Reactions of alkynes include addition of HX, addition of X2, hydration, and catalytic hydrogenation. The stoichiometry of HX and X2 addition determines whether the reagent adds once or twice.
Alkynes react with halide reagents in a similar fashion to alkenes. Alkynes react with HX or HX/HOOH to add a halide to the alkyne. If one equivalent of reagent is used, the triple turns to a double and adds the reagent once. If two equivalents of reagents are added, the triple reacts once to add one halide and form a double bond, and then the double bond reacts once with the reagent to add a second halide and turn to a single bond.
Alkyne reactions depend on the quantity of reagent in relation to the quantity of alkyne. This is based on the stoichiometry of the reaction. Stoichiometry is the relationship between the reactants and products in a balanced chemical equation.
The π electrons from the triple bond attack the hydrogen on the hydrogen halide, creating a carbocation and releasing the halide. The negatively charged halide then bonds with the carbocation to form the first addition product. If there is another equivalent of hydrogen halide, the reaction will occur again with the π electrons from the double bond attacking the hydrogen halide and eventually forming a single bond with the addition of two halides to the same carbon.
The addition of HX to a triple bond results in a Markovnikov addition of X to the triple bond. When the double bond reacts (in the presence of excess reagent), the addition also follows Markovnikov's rule. This results in the halide adding to the same carbon after both addition reactions. Markovnikov's rule states that in an addition of an asymmetric reagent to an alkene, the more-electronegative atom of the reagent will bond to the more-substituted carbon of the alkene.
Addition Reactions of Alkynes with a Hydrogen Halide
If one equivalent of the hydrogen halide (usually HBr) is added in the presence of hydrogen peroxide (HOOH), the reaction proceeds to give the anti-Markovnikov product similarly to the reaction with alkenes. Excess reagent will add two halogens to adjacent carbons. After the first adds to the least-substituted carbon, the next will add again to the least-substituted carbon, which will usually be the carbon without the first added bromine.
Addition Reactions of Alkynes with a Hydrogen Halide and Peroxide
Alkynes react with Br2 or Cl2 to add two halides to the alkyne in a stoichiometric reaction. When using one equivalent of reagent, the triple bond turns into a double bond and adds the dihalide reagent once, with both halides adding trans to each other. When adding two equivalents, the triple bond turns to a single bond, and the reagent adds twice. The addition of a dihalide, X2, occurs when the triple bond attacks one of the halides and breaks its bond. The halides bond to the adjacent carbons, and a double bond remains. If additional dihalides are added, they will bond with the adjacent carbons, leaving a remaining single bond.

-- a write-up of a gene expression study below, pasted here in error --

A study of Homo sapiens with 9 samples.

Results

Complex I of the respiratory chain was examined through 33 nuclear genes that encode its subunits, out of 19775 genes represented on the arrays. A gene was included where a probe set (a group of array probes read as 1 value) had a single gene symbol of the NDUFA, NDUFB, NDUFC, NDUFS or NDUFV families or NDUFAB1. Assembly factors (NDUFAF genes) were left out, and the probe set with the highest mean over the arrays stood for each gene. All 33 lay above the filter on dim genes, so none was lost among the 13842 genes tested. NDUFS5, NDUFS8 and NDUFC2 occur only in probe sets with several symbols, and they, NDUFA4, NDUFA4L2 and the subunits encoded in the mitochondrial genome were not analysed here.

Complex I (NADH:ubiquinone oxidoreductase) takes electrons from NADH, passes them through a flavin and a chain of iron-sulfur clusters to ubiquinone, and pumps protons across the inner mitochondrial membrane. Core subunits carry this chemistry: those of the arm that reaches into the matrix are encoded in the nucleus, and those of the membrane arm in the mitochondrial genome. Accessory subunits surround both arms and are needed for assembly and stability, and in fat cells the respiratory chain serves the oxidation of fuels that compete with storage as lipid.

Addition Reactions of Alkynes with a Dihalide
Hydration is the addition of a water molecule as −H and −OH to two adjacent carbon atoms. This is sometimes referred to as adding water to a π bond of an alkene. Hydration of an alkyne is similar to hydration of an alkene except the hydration of an alkyne forms a vinyl alcohol that rearranges to a ketone or aldehyde. Vinyl alcohols are alcohol functional groups directly attached to a double bond. Vinyl alcohols are unstable, and they rearrange to a more stable species, either an aldehyde or ketone. This is known as tautomerization, which is the process of a vinyl alcohol converting to a carbonyl.
Hydration of a terminal triple bond with hydroboration yields an aldehyde, while acid-catalyzed hydration of a terminal alkyne with HgSO4 yields a ketone. Internal alkynes convert to ketones with either hydration method. The hydration method used determines whether a ketone or an aldehyde is formed.
Two Methods for Hydration of an Alkyne
Catalytic hydrogenation of an alkyne with hydrogen (H2) in the presence of nickel (Ni), platinum (Pt), or palladium (Pd) yields an alkane. Catalytic hydrogenation (or hydrogenation) is the use of a heavy-metal catalyst to add hydrogen to an alkene or alkyne. Catalytic hydrogenation requires an excess of hydrogen (H2), and with excess hydrogen, the result is always the complete conversion of any carbon-carbon triple or double bond into a carbon-carbon single bond. Reactants with any combination of double and triple bonds are hydrogenated to single bonds.
Catalytic Hydrogenation of Alkynes
Hydrogenation of a triple bond to a double bond and not to a single bond requires a special type of hydrogenation catalyst. Poisoned catalysts, such as Lindlar's catalyst, are stoichiometrically designed to only react once. Addition of Lindlar's catalyst, and H2, yields a cis-alkene via a syn addition. Cis is the geometric arrangement in which two identical substituents are on the same side of the central part of a molecule or ion. Syn addition (or syn) is the addition of two substituents to the same side of a double bond or a triple bond.
Addition of sodium in ammonia (Na, NH3) to an alkyne yields a trans-alkene via anti addition (called dissolving metal reduction). Trans is the geometric arrangement in which two identical substituents are on opposite sides of the central part of a molecule or ion. Anti addition (or anti) is the addition of two substituents to opposite sides of a double bond or a triple bond.